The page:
After five years and an astonishingly prolific 20-album run, Indy-based experimental/psychedelic/progressive/folk band The Dwellers decided to say goodbye to their current project before moving on to another musical venture. The band still had one more gig, a funeral show, on Friday night at the White Rabbit alongside three acts with varying degrees of connection to the Dwellers’ founding members Andrew Gustin and John Wick.
- Andrew Gustin
- The Dwellers' promotional materials
Gustin, a multi-instrumentalist, regular member of Christian Taylor's entourage and frontman of Cosmic Laughter said The Dwellers will essentially stay intact but have decided to jettison the name for a fresh start. Before his set Friday, Gustin said the group have been moving in a more Crosby, Stills and Nash-like direction and will pick up where they left off under a new moniker.
Maybe it’s because Gustin implanted CSN in my head earlier in the evening, but the best way to describe The Dwellers—in their current, and final, iteration—is CSN meets Frank Zappa meets Dr. Seuss meets a few bong rips. Almost entirely acoustic, they play with a sort of conscious dissonance; singing slightly off key and slightly out of rhythm with each other as they linger over a certain word or themes, allowing gaps of silence between notes and beats that seem at times to engulf the performance itself.
On one song Gustin repeated the words “maple tree” over and over again about a dozen times, stretching it out and shortening it. To read over their lyrics is like looking over a strange, distorted, childlike and yet substantive form of poetry. For example:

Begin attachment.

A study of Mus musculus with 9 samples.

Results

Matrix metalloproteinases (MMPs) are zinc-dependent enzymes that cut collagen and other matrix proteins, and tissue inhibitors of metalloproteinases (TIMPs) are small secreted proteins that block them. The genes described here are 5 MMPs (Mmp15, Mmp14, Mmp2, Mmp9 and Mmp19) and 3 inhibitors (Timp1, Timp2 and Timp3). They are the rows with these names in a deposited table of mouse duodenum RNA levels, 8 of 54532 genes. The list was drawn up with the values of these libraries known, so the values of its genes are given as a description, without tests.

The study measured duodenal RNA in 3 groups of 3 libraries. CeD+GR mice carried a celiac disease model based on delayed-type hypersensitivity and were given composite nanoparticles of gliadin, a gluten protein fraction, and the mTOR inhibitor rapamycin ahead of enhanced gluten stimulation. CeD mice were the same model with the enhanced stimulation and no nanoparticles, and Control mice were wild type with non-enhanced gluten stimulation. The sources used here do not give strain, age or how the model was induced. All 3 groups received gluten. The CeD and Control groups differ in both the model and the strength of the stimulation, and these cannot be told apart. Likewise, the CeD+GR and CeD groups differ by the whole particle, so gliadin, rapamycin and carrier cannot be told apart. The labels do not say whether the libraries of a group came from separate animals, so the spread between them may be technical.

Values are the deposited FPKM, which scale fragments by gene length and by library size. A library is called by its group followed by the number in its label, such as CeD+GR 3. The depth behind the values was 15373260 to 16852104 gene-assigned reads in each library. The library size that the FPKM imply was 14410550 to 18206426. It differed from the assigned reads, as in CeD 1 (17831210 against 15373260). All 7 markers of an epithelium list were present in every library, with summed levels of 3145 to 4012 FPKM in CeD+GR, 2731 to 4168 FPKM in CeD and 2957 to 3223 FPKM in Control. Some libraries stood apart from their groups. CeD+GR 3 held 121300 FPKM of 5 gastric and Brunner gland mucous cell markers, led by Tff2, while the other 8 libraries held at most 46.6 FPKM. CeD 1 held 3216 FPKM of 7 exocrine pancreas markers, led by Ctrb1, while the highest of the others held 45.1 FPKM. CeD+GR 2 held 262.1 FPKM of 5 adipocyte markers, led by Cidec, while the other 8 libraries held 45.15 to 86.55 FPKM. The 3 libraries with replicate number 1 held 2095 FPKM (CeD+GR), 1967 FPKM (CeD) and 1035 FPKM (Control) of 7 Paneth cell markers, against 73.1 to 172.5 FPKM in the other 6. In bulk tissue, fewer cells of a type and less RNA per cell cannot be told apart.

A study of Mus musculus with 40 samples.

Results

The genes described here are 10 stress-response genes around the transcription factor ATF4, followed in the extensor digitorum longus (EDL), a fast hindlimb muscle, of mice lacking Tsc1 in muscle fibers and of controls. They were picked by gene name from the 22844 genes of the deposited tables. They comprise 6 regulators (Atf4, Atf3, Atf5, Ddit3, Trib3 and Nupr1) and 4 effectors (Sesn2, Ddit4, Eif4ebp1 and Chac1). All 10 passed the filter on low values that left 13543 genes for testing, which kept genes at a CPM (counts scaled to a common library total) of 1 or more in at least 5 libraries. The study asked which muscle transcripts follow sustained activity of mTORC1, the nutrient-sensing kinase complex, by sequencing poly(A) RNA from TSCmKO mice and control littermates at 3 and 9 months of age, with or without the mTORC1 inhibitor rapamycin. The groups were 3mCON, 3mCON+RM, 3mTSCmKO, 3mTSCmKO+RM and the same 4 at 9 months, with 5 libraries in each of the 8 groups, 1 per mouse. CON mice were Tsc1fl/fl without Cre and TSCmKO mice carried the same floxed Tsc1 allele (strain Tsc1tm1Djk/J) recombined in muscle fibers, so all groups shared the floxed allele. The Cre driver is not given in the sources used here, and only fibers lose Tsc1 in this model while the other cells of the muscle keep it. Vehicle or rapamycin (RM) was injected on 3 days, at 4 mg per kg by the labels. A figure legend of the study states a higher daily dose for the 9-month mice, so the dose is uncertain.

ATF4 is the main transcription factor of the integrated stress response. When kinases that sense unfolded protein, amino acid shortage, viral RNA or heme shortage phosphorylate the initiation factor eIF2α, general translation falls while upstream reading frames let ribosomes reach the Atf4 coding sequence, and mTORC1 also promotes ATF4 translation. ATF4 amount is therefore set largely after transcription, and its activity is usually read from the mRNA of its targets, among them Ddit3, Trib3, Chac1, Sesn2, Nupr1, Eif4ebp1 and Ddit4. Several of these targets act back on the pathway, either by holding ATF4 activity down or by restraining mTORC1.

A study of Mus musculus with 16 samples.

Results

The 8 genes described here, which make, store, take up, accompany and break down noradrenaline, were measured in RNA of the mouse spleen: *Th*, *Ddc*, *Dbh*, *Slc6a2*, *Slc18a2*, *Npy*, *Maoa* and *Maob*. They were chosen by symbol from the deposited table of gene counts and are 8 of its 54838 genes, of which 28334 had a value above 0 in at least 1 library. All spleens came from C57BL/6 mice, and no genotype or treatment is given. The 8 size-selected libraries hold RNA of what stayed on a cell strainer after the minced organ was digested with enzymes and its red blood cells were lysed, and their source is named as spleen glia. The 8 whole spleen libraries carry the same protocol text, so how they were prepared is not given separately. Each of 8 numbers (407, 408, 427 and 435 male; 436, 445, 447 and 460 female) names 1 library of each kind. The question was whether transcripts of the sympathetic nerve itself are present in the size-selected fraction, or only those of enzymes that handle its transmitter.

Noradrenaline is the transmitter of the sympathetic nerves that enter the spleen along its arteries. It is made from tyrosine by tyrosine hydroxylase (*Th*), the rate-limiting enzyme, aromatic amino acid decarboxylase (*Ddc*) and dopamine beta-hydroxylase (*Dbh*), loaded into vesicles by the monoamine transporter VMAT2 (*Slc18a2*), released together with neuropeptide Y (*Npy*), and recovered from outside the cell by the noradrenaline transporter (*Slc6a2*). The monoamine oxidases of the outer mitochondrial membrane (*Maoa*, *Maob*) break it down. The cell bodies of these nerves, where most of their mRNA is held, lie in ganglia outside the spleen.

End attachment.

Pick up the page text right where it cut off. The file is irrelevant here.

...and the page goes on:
Time isn’t disappearing
It’s building an ocean
Cats like us, we’re always heavy
Swimming around in time
From my one—and only—experience with the Dwellers, I’d have to say they play eccentric music that’s clearly not for everyone. But in a world where everything seems to be derivative of everything else, it’s fun to see musicians trying to break new ground.
Bloomington-based trio American Syndrome opened up the night with a set of spooky two-step grunge songs that came off like Nirvana at times and Tom Waits at others, with a bit of the later-era Bob Dylan sprinkled in. The drummer’s bundled sticks and the subdued, haunting guitar lines gave their music a very dusky, desert landscape vibe which, as on songs like “Behind the Sun,” gave way to a rising, alt-rock finish.
Closing acts Mad Anthony, from Cincinnati, and Franklin-based Mr. Clit and the Pink Cigarettes got the short shift due to the late start time of the show and ended up playing for a rather empty house. Mad Anthony plays straight-forward '90s-era punk that sounds somewhere between Danzig and Offspring, while Mr. Clit play a much more disembodied, cymbal-heavy kind of garage rock which one onlooker described as “the White Stripes on acid.”